Serbian Politician Hates Proposed Andy Warhol Monument

He said Pop art was just a 'fad'.

Rob Pruitt, The Andy Monument (2011). Courtesy of the Public Art Fund and photographer James Ewing.
Rob Pruitt, The Andy Monument (2011). Courtesy of the Public Art Fund and photographer James Ewing.

Andy Warhol isn’t everyone’s cup of tea, but one Serbian politician seems to have an inordinate dislike for the iconic American artist. Uros Jankovic, the vice president of the Democratic Party of Serbia (DSS), spoke out against a recently-announced planned Belgrade monument to Warhol on December 19, reports Serbian news outlet b92.

Instead of Warhol, Jankovic suggested paying tribute to local figures or others he considers more deserving of the honor, such as German writer Johann Wolfgang Goethe and Yugoslavian painters Sava Šumanović and Mića Popović. In a statement, he called the planned monument “an indicator of faddism, not of a cosmopolitan spirit.”

Jankovic argued that a Warhol statue is a symptom of “an inferiority complex in relation to the West,” and also belittled the importance of the artist’s cultural contributions. “Even abroad, Andy Warhol and pop art are not recognized as great art but as a fad,” he insisted.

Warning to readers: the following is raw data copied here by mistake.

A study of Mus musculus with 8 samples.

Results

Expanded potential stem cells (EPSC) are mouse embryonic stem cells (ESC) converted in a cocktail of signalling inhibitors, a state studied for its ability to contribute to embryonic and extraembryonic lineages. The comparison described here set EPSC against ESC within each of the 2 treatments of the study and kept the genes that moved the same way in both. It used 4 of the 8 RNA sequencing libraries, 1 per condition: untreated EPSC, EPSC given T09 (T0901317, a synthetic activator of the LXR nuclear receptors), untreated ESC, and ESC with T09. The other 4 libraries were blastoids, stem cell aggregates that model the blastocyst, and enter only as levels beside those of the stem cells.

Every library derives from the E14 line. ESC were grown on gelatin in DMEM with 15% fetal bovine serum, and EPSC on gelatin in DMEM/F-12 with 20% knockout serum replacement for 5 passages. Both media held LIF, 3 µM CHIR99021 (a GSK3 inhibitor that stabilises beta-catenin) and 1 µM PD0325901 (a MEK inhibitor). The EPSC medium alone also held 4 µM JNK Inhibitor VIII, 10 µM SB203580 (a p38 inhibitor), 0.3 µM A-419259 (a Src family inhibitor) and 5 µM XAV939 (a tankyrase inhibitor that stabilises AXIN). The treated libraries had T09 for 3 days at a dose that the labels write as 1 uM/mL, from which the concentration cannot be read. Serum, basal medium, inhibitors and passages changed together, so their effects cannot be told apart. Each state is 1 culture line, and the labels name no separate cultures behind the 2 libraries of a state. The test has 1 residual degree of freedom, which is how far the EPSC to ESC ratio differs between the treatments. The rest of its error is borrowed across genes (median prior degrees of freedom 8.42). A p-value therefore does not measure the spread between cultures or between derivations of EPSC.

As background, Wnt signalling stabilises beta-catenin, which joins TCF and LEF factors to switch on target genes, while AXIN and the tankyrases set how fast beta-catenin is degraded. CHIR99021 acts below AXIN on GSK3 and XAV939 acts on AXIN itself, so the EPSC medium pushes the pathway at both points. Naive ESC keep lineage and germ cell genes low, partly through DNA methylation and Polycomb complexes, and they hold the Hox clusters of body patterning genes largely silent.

Had Jankovic visited a contemporary art fair at any point in the last few years, he might feel differently, given the number of Warhol homages and knock-offs currently being produced, not to mention the frequent sales of the artist’s own prints and silkscreens.

As evidence of the art movement’s lack of lasting relevance, Jankovic noted that the planned Serbian monument would only be the third one to honor the artist around the world. There is a Warhol statue in Miková, the small Slovakian village where his parents lived before emigrating to the US. “The Andy Monument” a temporary exhibition by Rob Pruitt from New York’s Public Art Fund, was on view outside the artist’s former Factory in Union Square in 2011 and 2012.